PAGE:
Members of congress should hold off on any high-fives for a while, as the economic impact of the shutdown debacle isn't over yet.
October 17, 2013

The government shutdown has taken at least $24 billion out of the United States economy, according to Bloomberg News on Thursday.

Even House Speaker John Boehner's favorite eatery took a big hit:

"Gum Tong owns a diner in Washington, D.C., and Matt Bellinger charters fishing boats in the Florida Everglades. They have this in common: The shutdown of the U.S. government cost them money they will never get back.

Pete’s Diner & Carryout, a 50-year-old Capitol Hill eatery frequented by House Speaker John Boehner, lost about 80 percent of its usual business, said Tong, surrounded by empty seats and Halloween decorations. Bellinger missed out on $1,000 a day in canceled charters because Everglades National Park was closed.

“What people have been doing in droves is saying ‘We’ll go to Disney World,’ or ‘We’ll cancel our trip and go home’,” Bellinger said in a telephone interview. Nineteen groups dropped plans for four-hour fishing trips.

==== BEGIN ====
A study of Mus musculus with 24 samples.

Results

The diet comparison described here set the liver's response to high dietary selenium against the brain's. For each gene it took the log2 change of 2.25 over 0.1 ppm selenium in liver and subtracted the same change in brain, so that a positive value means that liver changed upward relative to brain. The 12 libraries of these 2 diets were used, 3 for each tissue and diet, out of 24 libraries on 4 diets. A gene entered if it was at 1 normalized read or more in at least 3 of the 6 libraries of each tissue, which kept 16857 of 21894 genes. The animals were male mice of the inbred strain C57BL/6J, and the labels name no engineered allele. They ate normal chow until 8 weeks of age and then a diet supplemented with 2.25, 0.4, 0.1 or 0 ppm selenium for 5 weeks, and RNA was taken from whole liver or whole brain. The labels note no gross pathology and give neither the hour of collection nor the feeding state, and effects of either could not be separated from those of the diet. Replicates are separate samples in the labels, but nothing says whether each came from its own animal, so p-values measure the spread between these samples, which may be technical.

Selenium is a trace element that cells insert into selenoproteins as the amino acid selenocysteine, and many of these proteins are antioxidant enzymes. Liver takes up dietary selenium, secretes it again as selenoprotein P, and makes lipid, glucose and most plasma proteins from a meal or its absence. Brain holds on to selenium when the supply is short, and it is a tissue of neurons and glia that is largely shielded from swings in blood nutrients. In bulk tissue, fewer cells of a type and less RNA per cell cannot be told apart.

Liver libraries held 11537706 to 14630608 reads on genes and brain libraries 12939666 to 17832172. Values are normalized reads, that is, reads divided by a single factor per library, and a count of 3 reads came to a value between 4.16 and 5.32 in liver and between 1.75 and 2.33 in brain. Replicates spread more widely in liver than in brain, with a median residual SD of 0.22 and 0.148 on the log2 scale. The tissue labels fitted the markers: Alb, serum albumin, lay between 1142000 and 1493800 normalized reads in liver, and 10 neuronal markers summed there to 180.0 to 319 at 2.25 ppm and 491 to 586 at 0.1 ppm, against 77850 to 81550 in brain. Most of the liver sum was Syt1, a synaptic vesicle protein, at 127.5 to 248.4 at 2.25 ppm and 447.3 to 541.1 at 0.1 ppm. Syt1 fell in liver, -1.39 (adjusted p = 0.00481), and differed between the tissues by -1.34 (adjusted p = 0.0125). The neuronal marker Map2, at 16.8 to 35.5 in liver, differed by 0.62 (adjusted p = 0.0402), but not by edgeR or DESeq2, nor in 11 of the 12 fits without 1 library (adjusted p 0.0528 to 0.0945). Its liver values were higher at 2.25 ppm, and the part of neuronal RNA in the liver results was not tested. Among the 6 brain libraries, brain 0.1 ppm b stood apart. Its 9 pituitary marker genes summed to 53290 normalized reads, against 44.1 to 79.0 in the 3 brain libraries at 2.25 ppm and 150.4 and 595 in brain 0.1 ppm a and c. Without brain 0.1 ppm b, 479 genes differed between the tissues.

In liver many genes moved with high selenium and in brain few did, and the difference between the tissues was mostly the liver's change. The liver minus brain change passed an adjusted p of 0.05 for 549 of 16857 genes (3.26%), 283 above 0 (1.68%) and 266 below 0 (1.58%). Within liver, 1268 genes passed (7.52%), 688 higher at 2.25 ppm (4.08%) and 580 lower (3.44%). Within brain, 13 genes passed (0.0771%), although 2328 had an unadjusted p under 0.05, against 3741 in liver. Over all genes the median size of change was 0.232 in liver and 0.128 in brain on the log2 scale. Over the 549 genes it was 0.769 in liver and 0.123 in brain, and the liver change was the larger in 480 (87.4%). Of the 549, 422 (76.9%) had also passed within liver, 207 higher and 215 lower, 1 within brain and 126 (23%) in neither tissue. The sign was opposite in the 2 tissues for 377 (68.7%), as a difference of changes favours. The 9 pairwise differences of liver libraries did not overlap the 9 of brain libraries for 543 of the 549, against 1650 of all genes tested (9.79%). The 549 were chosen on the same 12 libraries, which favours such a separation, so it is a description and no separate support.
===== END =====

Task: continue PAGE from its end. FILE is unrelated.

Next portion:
“I can’t make that money back,” he said. “It’s gone.”

The U.S. economy is big and resilient. Now with the 16-day shutdown ended and the threat of a U.S. default at least delayed, economists will probably look back on this as a glitch, one of those passing crises that seem so common nowadays.

For people like Tong and Bellinger, and for thousands of small businesses, this was no glitch. It’s money that can’t be easily recovered, creating a long-term ripple effect -- with the holidays approaching -- that will be difficult to forget."

Small business suffered, large corporations saw stock values fall, thousands of military students .were forced to drop out of classes, mainly because of suspension of the Defense Department’s tuition assistance program during the government shutdown.

With Environmental Protection Agency inspectors off work, pesticide approvals were delayed. One chemical, used to kill slugs and snails, was held up at a port in the Pacific Northwest, which will mean some seed won’t be protected from the pests this winter.

“When the weather turns wet, the slugs and snails eat the seed,” he said. “It’s hard to recover.”

And some people are worried because the debt limit is being raised only until Feb. 7, and fear taking even further losses yet again.

Members of congress should hold off on any high-fives for a while, as the economic impact of the shutdown debacle isn't over yet.